Your friendly blogger having a great time in front of 1,000 sales reps at a kick-off meeting at the Adam's Mark in Denver.
I'm lucky when it comes to presenting. I started playing the trumpet in front of audiences in the sixth grade. At that point I realized that grabbing an audience's attention give me a thrill. Once I got into the software business, during customer presentations my instrument was the keyboard. Demos were my music. Later on, I delivered presentations, then speeches to audiences of all sizes in more states and and in more countries than I can remember.
My enthusiasm for working with audiences was a major asset when I was a sales trainer. (No matter how strong your content is, and how many interactive exercises you include in a program, an enthusiastic and skilled presenter will enable more learning than a lackluster one. ) I've read all the books about presenting and speaking, listened to all the experts, attended lots of seminars, joined the National Speakers Association, hired a speaking coach, and on and on... So, that's a sampling of the platform from which I'm going to voice a few opinions.
A critical skill for success in B2B sales is communication. A subset of that is the ability to effectively present. Maybe you're not into the Powerpoint thing-maybe your medium is the chalk-talk or the whiteboard. That's fine. Call them conversations or discussions if you'd like-they're presentations, just the same. I've sat through many dozens-perhaps hundreds of presentations given by salespeople. Few do a really good job. Not enough do an adequate job. That's more than just my opinion. I've watched their audiences from the front of the room. I've interviewed members of those audiences after a presentation. I've seen any momentum they might have had in a deal grind to a halt.
One of the most revealing parts of a structured hiring process is the presentation simulation. After the salesperson has gone through the interview stage and reference checking has been successfully completed, it's time for the simulations. There are actually two, but the presentation simulation is the subject we're looking at. About one out of every five sales candidates that make it to the presentation simulation are rejected as a result of their performance. In other words, with all else being equal, if there wasn't a presentation simulation as part of the hiring process, 20% of the new recruits you hire wouldn't be able to present much more than their name to a prospect. Something to think about, right?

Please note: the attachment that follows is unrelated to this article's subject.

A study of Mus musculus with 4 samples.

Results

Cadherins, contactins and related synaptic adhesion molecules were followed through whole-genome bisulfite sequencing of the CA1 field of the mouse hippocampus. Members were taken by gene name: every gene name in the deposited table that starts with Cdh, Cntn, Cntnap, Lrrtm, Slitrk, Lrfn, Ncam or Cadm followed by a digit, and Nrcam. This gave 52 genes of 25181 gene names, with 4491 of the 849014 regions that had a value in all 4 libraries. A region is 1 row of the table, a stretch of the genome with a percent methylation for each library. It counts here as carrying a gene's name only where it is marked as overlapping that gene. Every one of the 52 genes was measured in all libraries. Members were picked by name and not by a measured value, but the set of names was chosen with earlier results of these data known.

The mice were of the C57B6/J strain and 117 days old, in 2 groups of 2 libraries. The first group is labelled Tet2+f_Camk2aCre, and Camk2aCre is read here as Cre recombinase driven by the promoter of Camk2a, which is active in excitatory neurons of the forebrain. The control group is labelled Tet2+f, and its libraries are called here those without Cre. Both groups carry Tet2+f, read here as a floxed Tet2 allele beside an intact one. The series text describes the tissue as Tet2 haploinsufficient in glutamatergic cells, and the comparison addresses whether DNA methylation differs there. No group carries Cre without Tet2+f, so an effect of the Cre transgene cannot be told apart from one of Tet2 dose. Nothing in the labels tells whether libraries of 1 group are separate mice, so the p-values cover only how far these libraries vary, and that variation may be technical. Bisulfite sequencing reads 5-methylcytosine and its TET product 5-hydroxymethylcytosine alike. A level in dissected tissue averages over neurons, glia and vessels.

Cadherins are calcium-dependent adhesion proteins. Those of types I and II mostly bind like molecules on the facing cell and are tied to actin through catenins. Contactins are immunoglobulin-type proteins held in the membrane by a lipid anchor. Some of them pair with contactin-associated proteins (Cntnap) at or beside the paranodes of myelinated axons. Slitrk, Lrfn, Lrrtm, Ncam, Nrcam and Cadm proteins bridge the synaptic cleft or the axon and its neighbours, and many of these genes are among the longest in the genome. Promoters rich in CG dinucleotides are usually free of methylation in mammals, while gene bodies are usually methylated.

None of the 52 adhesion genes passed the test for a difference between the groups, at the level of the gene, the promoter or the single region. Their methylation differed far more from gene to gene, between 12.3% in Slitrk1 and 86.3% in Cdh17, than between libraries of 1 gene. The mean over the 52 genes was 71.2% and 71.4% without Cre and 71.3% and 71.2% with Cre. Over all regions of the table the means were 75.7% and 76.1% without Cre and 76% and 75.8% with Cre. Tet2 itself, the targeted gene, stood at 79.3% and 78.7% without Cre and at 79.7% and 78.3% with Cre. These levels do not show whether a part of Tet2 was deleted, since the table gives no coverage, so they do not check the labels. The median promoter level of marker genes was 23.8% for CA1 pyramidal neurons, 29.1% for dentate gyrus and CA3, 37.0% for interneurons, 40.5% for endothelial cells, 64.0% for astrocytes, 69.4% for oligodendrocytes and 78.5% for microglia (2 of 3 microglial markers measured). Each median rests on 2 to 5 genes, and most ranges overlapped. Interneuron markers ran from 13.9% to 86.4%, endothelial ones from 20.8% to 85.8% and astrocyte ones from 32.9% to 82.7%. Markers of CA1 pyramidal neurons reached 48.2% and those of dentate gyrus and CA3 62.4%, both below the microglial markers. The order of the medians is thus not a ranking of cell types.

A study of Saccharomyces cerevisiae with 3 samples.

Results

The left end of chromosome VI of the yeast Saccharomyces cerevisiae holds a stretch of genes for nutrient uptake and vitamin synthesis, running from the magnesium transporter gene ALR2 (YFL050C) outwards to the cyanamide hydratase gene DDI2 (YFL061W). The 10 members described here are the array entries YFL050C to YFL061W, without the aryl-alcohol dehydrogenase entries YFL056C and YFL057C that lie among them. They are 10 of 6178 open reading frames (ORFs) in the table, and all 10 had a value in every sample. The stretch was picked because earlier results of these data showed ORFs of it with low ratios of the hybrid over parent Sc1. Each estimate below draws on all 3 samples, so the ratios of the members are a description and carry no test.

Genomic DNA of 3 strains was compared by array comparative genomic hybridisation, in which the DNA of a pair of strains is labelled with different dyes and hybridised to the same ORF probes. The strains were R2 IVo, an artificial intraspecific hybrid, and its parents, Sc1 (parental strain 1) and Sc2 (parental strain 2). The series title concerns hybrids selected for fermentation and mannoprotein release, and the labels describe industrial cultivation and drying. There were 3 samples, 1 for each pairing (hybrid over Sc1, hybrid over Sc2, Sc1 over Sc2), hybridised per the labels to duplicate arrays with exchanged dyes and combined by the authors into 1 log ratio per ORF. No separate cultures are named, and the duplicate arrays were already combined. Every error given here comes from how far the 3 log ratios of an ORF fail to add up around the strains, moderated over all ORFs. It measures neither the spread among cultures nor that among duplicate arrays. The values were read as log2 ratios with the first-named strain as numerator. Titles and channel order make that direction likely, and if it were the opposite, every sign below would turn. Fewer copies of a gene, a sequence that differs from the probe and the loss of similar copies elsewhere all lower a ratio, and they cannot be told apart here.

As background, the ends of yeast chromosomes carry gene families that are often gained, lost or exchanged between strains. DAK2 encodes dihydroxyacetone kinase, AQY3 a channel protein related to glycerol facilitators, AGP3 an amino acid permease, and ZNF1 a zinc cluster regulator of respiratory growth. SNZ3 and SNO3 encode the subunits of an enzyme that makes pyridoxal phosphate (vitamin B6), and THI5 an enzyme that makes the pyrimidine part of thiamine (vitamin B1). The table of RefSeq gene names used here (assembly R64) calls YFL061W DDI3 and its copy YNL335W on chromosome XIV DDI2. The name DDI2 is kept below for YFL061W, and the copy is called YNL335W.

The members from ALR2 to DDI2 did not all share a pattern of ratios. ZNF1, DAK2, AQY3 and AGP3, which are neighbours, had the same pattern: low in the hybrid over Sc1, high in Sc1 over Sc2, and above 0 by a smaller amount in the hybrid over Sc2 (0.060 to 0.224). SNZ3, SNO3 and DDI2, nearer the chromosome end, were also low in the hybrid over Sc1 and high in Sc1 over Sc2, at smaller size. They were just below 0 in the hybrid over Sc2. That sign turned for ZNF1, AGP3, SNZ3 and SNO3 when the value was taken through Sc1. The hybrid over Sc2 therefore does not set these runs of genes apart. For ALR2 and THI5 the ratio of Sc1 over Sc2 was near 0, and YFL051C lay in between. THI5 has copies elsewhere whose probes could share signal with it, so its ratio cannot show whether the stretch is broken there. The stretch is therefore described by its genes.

Our recommendation is to have the candidate, in front of two or three executives from your company, simulate the presentation of a final proposal. Since the candidate is provided with instructions and guidelines a few days in advance of the activity, you can always get a good measure of more than just how they present. Here are just a few of the written observations I've made during these presentation simulations over numbers of years:
- An average of two misspellings per slide! (Hint: Powerpoint has spell-checker.)
- Color combinations beg for sunglasses!
- Candidate rocks back and forth with abandon. (Tip: Stand with your feet hips' width apart. Put one foot out about a foot's length in front of the other. You can't rock if you're doing that. Take it from me. I was a rocker.)
- Rattled change in pocket for the entire 30 minutes. (Hint: Always leave change and cellphone in briefcase when you are going in front of an audience.)
- Never made eye contact with any of us. No attempt at bonding.
- Extreme nervousness.
- Using meaningless lingo and buzzwords.
- Not reading us, the audience, at all. We were "CEO" and "CFO." Obviously never presented at that level before.
- Shouldn't have attempted the joke.
- Never confirmed time allocation for the presentation.
- DIdn't introduce themselves.
- Never confirmed objective of the presentation with us.
- Presentation didn't have a logical flow.
- Not persuasive.
- Didn't answer questions that were posed to her.
OK, the rattling and rocking are forgiveable offenses. But certainly not most of the others.
By the way, when I write and talk about sales being 90% science and 10% art, presenting falls mostly under the "art" category. Remember though, that presenting is a skill and therefore most people can experience considerable improvement with the right program or coach.
If any of your salespeople lose points for themselves and your company when they present, get them help. There are plenty of people and companies that do fine work in this area. And, please... Seriously consider not hiring anyone else who can't deliver at least an adequate presentation.